Thursday, February 28, 2008

One music review by Alison Ross

A Breath of Selmanaires
by Alison Ross

I purchased the first Selmanaires CD, "Here Come the Selmanaires," on a whim. I was at my beloved record haunt, Criminal Records, lackadaisically looking for nothing in particular, when I came across the CD categorized under "local music." I figured since I didn't at that time own any tunes by an Atlanta band, I might as well give it a whirl. Besides, often I have become besotted over albums and bands I fortuitously discover.

However, the first Selmanaires CD did not initially intoxicate me like I had hoped it would. I found it quaintly curious for a few weeks - the danceable rhythms and infectious refrains made it fun to listen to - but mostly I regarded it as a rather amateurish endeavor. So I shoved it inside the box and soon forgot about it.

But then I saw the Selmanaires live a few months back, which urged a metamorphosis of mindset toward this vastly underrated band. The band's performance was as engergizing as the more popular bands on the Atlanta's Burning bill (Snowden, Black Lips, Deerhunter). The Selmanaires injected vigorous life into the songs from its debut effort, and I evolved a heightened respect for the band.

In contrast to the first CD, the new CD by the Selmanaires, The Air Salesman, immediately took hostage my aural sensibilities. I had heard some of the songs live and on MySpace previously, and I so I already knew that I was in for a treat. The Selmanaires has magnificently matured and come into its own inimitable sound. The songs on the CD mix and match genres with fluid facility. At times the band churns out what I would term psychedelic disco, with a buoyant beat and trippy hooks, at other times it mimics the grit and spit of garage rock - and later it even meanders into the sacred stomping grounds of southern rock.

The band owes its style to a bizarre mishmash of influences, ranging from 60s pop to 70s and 80s art-rock, rock, and dance tunes, to even more primitive sources. The standout track, "Verdigris Intrigue," is like a lush, langorous derivative of a Byrds tune. "Nite Beat," another notable track, evokes the sonic aftermath of a gleefully messy Talking Heads/Bee Gees collision. The leading track, "Broken Mirrors in the Mud," is a frenetic tribal stomp, and the riveting "Animal" howls with primal potency in the jungle of the new-wave revival. The CD rounds out with a song that recalls the southern-saturated classic rock of much-mocked but still-great Lynyrd Skynyrd. Sometimes, the genre-jumping can be rather distracting, but by the end, the CD has achieved a sort of asymmetrical congruity.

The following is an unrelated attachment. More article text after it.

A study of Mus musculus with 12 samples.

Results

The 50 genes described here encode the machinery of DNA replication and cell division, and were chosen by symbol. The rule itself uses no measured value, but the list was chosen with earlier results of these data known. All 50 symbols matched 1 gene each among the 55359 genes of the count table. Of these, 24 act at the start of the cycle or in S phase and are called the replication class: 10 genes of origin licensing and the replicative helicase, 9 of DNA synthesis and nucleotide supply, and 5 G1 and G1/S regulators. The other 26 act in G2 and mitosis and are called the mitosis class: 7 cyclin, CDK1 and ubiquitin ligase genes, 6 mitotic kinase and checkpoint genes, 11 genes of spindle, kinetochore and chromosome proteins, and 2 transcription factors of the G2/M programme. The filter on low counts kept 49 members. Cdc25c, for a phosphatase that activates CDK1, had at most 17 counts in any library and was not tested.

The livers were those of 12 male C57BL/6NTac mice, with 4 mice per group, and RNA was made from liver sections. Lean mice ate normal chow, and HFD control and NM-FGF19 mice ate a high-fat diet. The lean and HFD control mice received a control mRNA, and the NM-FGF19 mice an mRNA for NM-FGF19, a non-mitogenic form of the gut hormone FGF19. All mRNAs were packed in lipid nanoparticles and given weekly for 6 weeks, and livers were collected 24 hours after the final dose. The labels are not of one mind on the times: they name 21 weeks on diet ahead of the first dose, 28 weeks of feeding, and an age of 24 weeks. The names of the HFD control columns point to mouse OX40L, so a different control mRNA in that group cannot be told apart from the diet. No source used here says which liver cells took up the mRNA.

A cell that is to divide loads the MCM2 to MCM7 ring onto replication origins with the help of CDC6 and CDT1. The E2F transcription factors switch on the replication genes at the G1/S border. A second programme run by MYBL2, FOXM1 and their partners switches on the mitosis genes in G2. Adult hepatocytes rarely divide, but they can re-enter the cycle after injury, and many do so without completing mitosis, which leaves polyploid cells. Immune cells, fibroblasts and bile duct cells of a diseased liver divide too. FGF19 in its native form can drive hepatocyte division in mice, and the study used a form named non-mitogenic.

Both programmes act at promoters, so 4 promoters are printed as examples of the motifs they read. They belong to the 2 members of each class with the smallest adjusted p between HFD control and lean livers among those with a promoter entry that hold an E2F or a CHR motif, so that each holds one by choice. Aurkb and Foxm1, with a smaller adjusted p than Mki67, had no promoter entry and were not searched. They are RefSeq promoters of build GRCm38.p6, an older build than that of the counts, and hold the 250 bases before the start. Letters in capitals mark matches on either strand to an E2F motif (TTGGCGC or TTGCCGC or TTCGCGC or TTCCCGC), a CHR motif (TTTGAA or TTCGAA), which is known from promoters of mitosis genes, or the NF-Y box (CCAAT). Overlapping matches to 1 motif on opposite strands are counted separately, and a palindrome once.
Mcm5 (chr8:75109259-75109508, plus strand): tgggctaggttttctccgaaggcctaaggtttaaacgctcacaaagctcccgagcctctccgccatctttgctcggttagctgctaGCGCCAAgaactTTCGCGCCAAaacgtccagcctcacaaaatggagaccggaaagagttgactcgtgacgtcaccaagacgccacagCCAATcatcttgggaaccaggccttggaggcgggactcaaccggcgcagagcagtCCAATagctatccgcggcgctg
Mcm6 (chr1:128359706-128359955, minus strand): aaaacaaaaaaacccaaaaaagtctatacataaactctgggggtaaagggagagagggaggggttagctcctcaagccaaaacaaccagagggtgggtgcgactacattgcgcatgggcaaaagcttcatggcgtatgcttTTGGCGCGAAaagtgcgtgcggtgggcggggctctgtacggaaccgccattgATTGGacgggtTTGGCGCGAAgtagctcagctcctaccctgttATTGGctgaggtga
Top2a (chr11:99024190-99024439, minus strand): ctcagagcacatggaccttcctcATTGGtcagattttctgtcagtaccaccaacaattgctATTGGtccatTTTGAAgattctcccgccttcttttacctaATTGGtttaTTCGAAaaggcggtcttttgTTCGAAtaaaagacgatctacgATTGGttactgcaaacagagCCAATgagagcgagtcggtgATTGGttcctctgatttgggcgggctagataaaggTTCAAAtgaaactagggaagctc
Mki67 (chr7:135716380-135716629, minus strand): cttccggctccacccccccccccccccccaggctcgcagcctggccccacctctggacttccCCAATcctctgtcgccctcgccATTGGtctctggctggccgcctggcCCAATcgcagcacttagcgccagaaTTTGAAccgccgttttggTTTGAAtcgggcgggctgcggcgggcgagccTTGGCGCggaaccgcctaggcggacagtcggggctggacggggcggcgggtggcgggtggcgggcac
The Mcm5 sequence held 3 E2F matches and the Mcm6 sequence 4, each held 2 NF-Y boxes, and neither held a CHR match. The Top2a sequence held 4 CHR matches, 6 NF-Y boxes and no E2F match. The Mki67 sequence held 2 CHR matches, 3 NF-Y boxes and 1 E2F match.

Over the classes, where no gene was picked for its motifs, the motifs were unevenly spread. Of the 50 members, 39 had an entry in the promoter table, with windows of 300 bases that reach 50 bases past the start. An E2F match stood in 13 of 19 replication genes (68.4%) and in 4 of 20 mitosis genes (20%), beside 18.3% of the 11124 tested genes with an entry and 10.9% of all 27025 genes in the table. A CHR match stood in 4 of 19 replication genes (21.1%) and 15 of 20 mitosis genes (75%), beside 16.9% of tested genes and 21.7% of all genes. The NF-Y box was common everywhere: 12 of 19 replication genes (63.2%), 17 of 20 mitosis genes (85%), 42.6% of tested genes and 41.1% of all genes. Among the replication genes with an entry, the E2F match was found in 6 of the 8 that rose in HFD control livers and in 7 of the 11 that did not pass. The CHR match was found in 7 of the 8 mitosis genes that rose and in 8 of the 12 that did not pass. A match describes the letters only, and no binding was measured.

In addition to boasting a deft musicality, it seems the Selmanaires have a social conscience, to boot - there are covert political references sprinkled throughout the otherwise often opaque lyrics, and even more blatantly, the title of the CD (an anagram of the bands' name) alludes to the crass commercialization of everything, to the point to where it seems like even air will be for sale one day. Hell, with the pervasive privatization of an essential resource like water, the commodification of oxygen would certainly seem perilously imminent.

The Selmanaires' sound is a breath of clean oxygen. The band has crafted a charismatic collection of songs that is by turns effervescent and defiantly eccentric. I do believe the Selmanaires are on the cusp of greater success - and if they never reach that apex, that would be a sullen shame.